After a run of indifferent performances, combined with setbacks during January’s transfer window, Leicester City reasserted their authority at the top of the Championship with a resounding 5-0 victory at Stoke to extend their lead to a commanding ELEVEN points.
The result – the biggest win for the Foxes outside Leicester in lower divisions since 1970 – was a timely reminder of the gulf in quality that exists between Enzo Maresca’s side and most of the teams in their current league.
It was all the more sweeter for the exuberant Blue Army that this happened at a venue that has brought despair in the past – most notably in 2008 when a 0-0 draw brought promotion for the hosts and sent City crashing to the third tier for the first time in our history.
The Potters, though, are currently some distance short of the force they were under Tony Pulis and Mark Hughes. They went into this encounter without a home league win in over three months, and never seriously threatened to bring such a wretched run to an end.
There have been numerous instances this season where City have struggled to find a rhythm in the opening 45 minutes. This wasn’t one of them, though.
Perhaps stung by adverse reactions from sections of the fanbase during the midweek display against Swansea, Maresca’s men pressed forward at every opportunity, with Abdul Fatawu – restored to the wing after a three-match ban and Kasey McAteer both featuring heavily in numerous visiting attacks.
The domination of the game brought due reward after 26 minutes, when Kiernan Dewsbury-Hall and Fatawu set up Patson Daka for the simplest of finishes to open the scoring.
And any fears among the travelling hordes that their side would be content to sit on this lead were soon dispelled by McAteer, whose deflected long-range drive saw him end his four-month scoring drought.
Although the Potters mounted sporadic threats on the City goal, forcing Mads Hermansen into action on occasion, the visitors remained in control in all areas of the pitch, with Wout Faes giving another defensive masterclass and showing the assurance that has seen him become his country’s first-choice centre-back.
Even the loss of Jannik Vestergaard at the interval, with what was subsequently described as a “minor” muscle strain, failed to loosen City’s grip. Maresca’s decision to replace him with academy product Ben Nelson, rather than the more experienced Conor Coady, proved to be vindicated, as the youngster again showed glimpses of the quality that has already led one local media outlet to proclaim him as “the next John Stones”.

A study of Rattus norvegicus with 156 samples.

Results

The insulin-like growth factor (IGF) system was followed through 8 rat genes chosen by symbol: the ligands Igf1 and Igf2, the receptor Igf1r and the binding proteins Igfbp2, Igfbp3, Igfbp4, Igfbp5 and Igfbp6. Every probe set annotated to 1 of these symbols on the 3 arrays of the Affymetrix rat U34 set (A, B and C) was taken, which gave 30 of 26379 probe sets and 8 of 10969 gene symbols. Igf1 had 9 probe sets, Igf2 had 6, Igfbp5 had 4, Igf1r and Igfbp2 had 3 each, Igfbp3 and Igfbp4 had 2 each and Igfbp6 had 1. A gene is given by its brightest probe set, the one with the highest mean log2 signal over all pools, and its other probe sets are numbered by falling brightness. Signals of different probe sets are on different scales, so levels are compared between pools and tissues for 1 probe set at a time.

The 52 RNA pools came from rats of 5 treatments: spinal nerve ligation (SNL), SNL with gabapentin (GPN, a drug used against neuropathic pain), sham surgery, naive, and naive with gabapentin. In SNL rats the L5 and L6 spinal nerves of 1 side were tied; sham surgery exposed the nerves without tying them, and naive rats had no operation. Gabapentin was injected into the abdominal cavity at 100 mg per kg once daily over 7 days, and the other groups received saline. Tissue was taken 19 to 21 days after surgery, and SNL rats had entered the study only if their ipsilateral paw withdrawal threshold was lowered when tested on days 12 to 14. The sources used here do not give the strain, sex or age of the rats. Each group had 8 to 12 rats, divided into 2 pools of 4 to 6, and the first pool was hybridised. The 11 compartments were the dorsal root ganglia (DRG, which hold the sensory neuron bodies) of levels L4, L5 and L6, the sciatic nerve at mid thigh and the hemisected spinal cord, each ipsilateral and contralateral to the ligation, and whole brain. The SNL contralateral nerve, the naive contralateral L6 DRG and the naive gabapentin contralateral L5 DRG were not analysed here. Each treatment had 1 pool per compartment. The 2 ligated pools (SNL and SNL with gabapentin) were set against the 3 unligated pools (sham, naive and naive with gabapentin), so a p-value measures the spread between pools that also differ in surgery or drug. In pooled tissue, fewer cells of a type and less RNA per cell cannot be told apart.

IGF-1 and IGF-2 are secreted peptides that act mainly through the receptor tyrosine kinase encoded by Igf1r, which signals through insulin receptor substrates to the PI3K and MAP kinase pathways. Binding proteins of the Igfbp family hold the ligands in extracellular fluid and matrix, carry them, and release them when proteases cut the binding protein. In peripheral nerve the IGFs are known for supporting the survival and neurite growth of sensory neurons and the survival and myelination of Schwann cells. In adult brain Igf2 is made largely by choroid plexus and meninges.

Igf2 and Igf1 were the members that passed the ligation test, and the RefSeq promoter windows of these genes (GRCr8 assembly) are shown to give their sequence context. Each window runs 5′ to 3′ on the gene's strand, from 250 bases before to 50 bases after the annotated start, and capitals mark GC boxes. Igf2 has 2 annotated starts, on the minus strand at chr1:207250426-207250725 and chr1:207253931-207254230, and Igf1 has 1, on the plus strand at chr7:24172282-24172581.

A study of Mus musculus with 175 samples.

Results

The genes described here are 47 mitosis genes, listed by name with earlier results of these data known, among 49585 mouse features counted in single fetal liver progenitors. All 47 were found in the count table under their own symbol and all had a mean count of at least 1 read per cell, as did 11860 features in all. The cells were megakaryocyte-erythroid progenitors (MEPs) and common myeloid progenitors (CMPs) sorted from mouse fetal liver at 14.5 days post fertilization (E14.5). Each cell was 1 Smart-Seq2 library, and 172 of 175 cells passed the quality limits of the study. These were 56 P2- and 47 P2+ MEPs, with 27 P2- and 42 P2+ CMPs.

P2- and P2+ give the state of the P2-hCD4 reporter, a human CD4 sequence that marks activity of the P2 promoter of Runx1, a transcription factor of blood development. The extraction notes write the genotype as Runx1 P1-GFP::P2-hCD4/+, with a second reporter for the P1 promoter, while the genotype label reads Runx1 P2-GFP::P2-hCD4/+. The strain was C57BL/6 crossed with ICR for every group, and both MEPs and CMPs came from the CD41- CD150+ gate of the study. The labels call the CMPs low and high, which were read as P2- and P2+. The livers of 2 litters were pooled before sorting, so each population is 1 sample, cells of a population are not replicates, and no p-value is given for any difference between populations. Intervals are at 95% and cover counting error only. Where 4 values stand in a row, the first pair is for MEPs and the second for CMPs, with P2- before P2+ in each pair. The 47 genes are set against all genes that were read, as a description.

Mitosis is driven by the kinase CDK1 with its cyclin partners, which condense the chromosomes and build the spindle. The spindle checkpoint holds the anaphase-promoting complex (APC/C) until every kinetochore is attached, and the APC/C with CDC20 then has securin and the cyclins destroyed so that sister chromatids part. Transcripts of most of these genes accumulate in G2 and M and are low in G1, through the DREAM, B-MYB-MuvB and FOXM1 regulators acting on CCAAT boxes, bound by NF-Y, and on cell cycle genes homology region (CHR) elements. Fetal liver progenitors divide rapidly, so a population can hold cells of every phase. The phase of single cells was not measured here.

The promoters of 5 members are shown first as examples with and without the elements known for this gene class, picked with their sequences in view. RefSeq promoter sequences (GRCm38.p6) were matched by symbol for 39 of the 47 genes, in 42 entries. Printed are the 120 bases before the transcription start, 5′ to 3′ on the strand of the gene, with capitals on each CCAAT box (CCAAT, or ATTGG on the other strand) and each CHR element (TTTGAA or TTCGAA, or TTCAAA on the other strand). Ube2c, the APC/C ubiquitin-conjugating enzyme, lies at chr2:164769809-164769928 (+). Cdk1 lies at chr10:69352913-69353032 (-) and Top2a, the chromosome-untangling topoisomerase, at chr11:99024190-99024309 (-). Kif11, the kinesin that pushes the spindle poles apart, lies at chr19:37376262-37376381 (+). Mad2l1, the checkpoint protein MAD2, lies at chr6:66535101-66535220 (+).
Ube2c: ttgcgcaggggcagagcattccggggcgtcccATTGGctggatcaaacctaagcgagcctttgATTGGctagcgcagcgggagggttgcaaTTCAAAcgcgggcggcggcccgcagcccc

Just when the visitors seemed to be coasting through the second half, a marauding run by Faes drew a foul inside the Stoke box, allowing Daka, restored to penalty duties, to net his second goal of the game with the coolest of spot-kicks.
Maresca, who has been notably more proactive in his use of substitutions in recent matches, then moved in for the kill, bringing on James Justin and Jamie Vardy to test the tiring home defence. They soon made the most of their opportunity, with Justin, playing as a right-side midfielder, provided an exquisite cross for Vardy to convert.
The veteran striker – perhaps inspired by the statue of Sir Stanley Matthews outside the stadium – gave several reminders of past glories during the rest of the game, finding the net again with a penalty deep in stoppage time following a foul on Dewsbury-Hall. Whether the City powers-that-be will be compelled to act on the fans’ demand of “Ten more years”, though, remains to be seen.
It was a thoroughly enjoyable afternoon in general for all Foxes fortunate enough to be in attendance. However, there were a number of minor blemishes on and off the field that cannot be overlooked.
McAteer’s foolish swipe at home midfielder Burger during a midfield skirmish near the end of the first half brought only a yellow card when a more attentive referee – perhaps assisted by a VAR – might well have issued a more stringent punishment. With physical provocations likely to be a regular feature in forthcoming fixtures, lapses in discipline must be avoided to prevent a repetition of events we saw at Coventry.
In addition, weaknesses remain when defending set pieces, which better attacks than Stoke’s will continue to exploit. Maresca and his coaching team need to spend time at Seagrave to ensure the defence become more resolute when protecting Hermansen in such situations.
Finally, it was disappointing to hear a small but vocal minority of Foxes booing our own players for taking the knee before the kick-off. As recent events at both Hillsborough and the Hawthorns have shown, football even in 2024 continues to be infested by morons who consider racial abuse to be an acceptable means of behaviour.
As someone who remembers the toxic atmosphere of the 1980s, when bigotry forced a number of quality players to leave City, I would never ever wish to see any return to that era. Racism has no place within the game, and we should not rest until it is banished for good!